My daughter was born last October, and our first Hike it Baby hike was just a few weeks after that. I’ve been an avid hiker, snowboarder, cross country skier, mushroom forager, and camper year round in Oregon my whole life, and the one thing I know for sure: Layer! And Layer! And then, when in doubt, Layer! The new thing that I had to learn last winter was to layer for breastfeeding and my new, and ever changing body. I didn’t want to invest in a whole new wardrobe, so I improvised, and have some great tips.
Layering for Oregon or similar cool and damp climates consists of basically 3 steps: base layer of wicking/insulating long underwear, middle warm and cozy layer that’s easily removed, and a top waterproof windproof layer. It’s that simple!
Sub-base Layer: You are going to want comfy underwear. Wicking is good, but I always just go with cotton and I don’t like a brief because they ride up. Yes, I wear a thong to hike. Unless I’m wearing giant boyshorts. No, I did not wear a thong until I was at least 4 months postpartum. Your bra will need to be comfy too, but also really supportive and fit great. You will need a real bra fitting, there’s no getting around it. I like to wear nursing sports bras for hiking, they are more supportive then a regular bra, the straps don’t fall down, and there is easy access for nursing on the trail. This is not necessarily the layer to spend money on, just make sure you are not going to be worrying abo
Base Layer: This long underwear layer is very important, only second only to the top layer. Spend money here. Investing in good longjohns of different weights makes hiking in all weather ( I do mean ALL weather) possible and pleasurable. The pants should be fitted and higher waisted, you don’t want to deal with them falling below your carrier, or riding down when you are bending or squatting. The tops are key. Get at least 2 of different weights, and make sure they have boob access. Nothing is worse then having to take off your carrier and hold your baby with your shirts and jacket pulled up under your chin while nursing. Not only is your stomach exposed to the rain, but water will get everywhere. Get a quarter zip styles, or try on and test out any v neck or loose crew necks. Pull your full boob out, just being able to get the nipple out will not always be enough, what with your bra, middle layer, and rain coat on top. Here’s a style I like, just for reference:
Middle Layer: This layer I completely improvised as my body was changing in the 6 months postpartum I hiked through the fall and winter. I basically put on leggings of various weights over my base layer, including workout/running leggings by them selves when it was warm enough. My nice hiking pants didn’t fit until this summer. I don’t recommend spending a lot of money on this layer, and don’t shy away from wearing maternity pants as long as you can! They aren’t cheap, and this will help you get a bang for your buck, as well as save on investing in pants that only fit for a few months after each pregnancy (if you have more than one. Only one? Really don’t spend the money). For the top I was able to use my husband’s fleece coat for a while, and then get back into mine after just a few months. If your boobs have gotten huge and you plan on nursing for a while/having more babies and years of nursing, do invest is a nice fleece zip up jacket that fits your chest. You’ll get several years of wear out of it. On days that are warmer, just remember the boob access: Zips that are at least 3 quarters if not full (I prefer full zip styles) or buttoning shirts. I got a lot of wear out of my husband’s flannel shirts!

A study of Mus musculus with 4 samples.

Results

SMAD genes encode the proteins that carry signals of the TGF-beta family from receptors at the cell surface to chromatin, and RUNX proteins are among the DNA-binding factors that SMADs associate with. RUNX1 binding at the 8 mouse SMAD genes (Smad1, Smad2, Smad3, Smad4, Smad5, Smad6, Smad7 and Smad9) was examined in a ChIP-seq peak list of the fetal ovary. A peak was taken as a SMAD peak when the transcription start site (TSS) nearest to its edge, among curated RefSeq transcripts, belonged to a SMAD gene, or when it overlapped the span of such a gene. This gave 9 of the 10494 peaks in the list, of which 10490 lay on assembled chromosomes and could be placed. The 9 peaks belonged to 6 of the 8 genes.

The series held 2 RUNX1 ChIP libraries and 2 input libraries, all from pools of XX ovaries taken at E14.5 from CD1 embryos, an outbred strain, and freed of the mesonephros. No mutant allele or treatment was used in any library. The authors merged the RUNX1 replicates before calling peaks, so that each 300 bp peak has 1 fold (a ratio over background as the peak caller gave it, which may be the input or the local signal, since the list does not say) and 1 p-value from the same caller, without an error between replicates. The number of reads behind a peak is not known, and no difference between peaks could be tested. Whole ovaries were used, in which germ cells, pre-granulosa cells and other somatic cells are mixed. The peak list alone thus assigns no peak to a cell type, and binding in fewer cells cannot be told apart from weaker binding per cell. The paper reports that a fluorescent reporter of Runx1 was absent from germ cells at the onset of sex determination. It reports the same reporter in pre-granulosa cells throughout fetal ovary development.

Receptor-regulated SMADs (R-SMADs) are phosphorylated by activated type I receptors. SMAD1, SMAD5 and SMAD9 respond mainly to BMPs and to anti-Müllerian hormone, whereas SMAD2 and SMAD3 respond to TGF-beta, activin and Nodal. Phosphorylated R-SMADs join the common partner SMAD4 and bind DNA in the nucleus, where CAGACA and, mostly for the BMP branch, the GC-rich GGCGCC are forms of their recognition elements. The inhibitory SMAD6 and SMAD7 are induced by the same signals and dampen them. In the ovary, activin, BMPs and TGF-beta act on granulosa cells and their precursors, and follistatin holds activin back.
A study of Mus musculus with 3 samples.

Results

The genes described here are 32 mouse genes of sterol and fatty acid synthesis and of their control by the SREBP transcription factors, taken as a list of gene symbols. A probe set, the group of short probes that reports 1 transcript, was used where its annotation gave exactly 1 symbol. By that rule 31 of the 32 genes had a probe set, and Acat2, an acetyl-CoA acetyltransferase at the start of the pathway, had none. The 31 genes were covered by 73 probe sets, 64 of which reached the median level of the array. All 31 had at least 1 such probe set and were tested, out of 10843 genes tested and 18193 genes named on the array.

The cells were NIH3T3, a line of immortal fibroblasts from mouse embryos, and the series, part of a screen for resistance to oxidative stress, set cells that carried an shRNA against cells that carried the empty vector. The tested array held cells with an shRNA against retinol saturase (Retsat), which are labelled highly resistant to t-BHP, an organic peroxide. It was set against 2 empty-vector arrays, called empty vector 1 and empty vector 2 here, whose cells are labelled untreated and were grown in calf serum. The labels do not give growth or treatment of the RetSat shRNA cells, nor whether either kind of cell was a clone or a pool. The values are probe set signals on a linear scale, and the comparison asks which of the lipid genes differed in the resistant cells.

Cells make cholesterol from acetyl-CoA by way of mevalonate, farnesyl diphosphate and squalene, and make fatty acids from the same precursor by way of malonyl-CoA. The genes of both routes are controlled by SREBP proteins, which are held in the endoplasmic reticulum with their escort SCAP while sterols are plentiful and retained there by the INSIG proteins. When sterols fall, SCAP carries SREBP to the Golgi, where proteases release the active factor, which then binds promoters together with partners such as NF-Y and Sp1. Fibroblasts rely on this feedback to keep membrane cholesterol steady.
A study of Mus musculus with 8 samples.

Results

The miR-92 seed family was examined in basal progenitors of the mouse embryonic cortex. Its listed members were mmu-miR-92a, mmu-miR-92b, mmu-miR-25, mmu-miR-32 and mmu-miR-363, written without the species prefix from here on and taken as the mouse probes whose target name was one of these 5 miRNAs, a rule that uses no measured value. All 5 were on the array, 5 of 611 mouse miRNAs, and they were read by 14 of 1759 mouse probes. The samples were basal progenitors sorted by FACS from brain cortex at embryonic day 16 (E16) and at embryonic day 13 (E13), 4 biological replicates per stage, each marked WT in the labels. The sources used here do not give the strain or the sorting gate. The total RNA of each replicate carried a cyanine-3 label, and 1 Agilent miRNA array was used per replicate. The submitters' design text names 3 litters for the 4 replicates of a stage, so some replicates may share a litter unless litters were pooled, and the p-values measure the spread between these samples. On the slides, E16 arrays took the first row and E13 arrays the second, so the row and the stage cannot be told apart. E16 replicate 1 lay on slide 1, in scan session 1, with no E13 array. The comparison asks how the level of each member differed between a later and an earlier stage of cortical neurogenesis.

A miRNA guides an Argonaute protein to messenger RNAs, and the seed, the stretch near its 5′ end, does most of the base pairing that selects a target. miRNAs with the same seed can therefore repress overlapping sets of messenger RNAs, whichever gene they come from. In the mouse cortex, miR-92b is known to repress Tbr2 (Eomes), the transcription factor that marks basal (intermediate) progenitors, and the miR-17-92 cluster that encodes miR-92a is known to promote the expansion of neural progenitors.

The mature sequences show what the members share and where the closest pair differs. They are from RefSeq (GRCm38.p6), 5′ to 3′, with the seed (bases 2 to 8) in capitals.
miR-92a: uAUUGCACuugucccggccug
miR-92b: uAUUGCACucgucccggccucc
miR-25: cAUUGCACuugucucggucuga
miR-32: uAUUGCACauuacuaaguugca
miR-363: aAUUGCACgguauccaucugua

Top Layer: Waterproof is the key here. Not water resistant, not waterproof a few years ago when I first got it, not a down quilted jacket (that’s a middle layer!). If you don’t have a waterproof jacket, get one. Or get an awesome poncho (get it through our Indiegogo campaign this month and you are supporting Hike it Baby)! The key to not be held back by your gear when you and your baby want and need to get outside. Your pants can be waterproof too, but with a good coat or poncho I think the pants are less important.
Extremities: A wool cap or any other warm hat is a must. I also like fleece headbands that go over your ears for warmer days. Keep your hands warm, your baby will appreciate it when you go to change her diaper. I like fingerless gloves with mitten covers, for working with my phone, keys, straps, baby, etc. Shoes are key. Waterproof hiking boots or shoes need to have sturdy ankle support, and great traction, for slippery trails. Break them in with some neighborhood walks. Wear blister preventing double layer hiking socks, they come in all weights. Don’t skimp on these. I’ll just wear mine for hikes, I only have a few pairs, and not wash for a few hikes. My standards have changed since becoming a mom.
For your first several hikes in the rain bring extra pants, socks, and shoes for the ride home in case things don’t go as planned. Knowing you’ll be warm and dry shortly is a great motivator on a wet hike!
In summary, because this is really simple once you have the basics: wicking, warm, waterproof. Comfort and fit are key.
Beth Silva has been hiking with Hike it Baby since just a few weeks after her baby was born. When not hiking like crazy, she is a real estate agent in Portland, OR. In the month of November Beth will be leading the charge for Hike it Baby Portland on the Hike it Baby 30-in-30 where she will be hiking 30 miles of the Forest Park trails in Portland!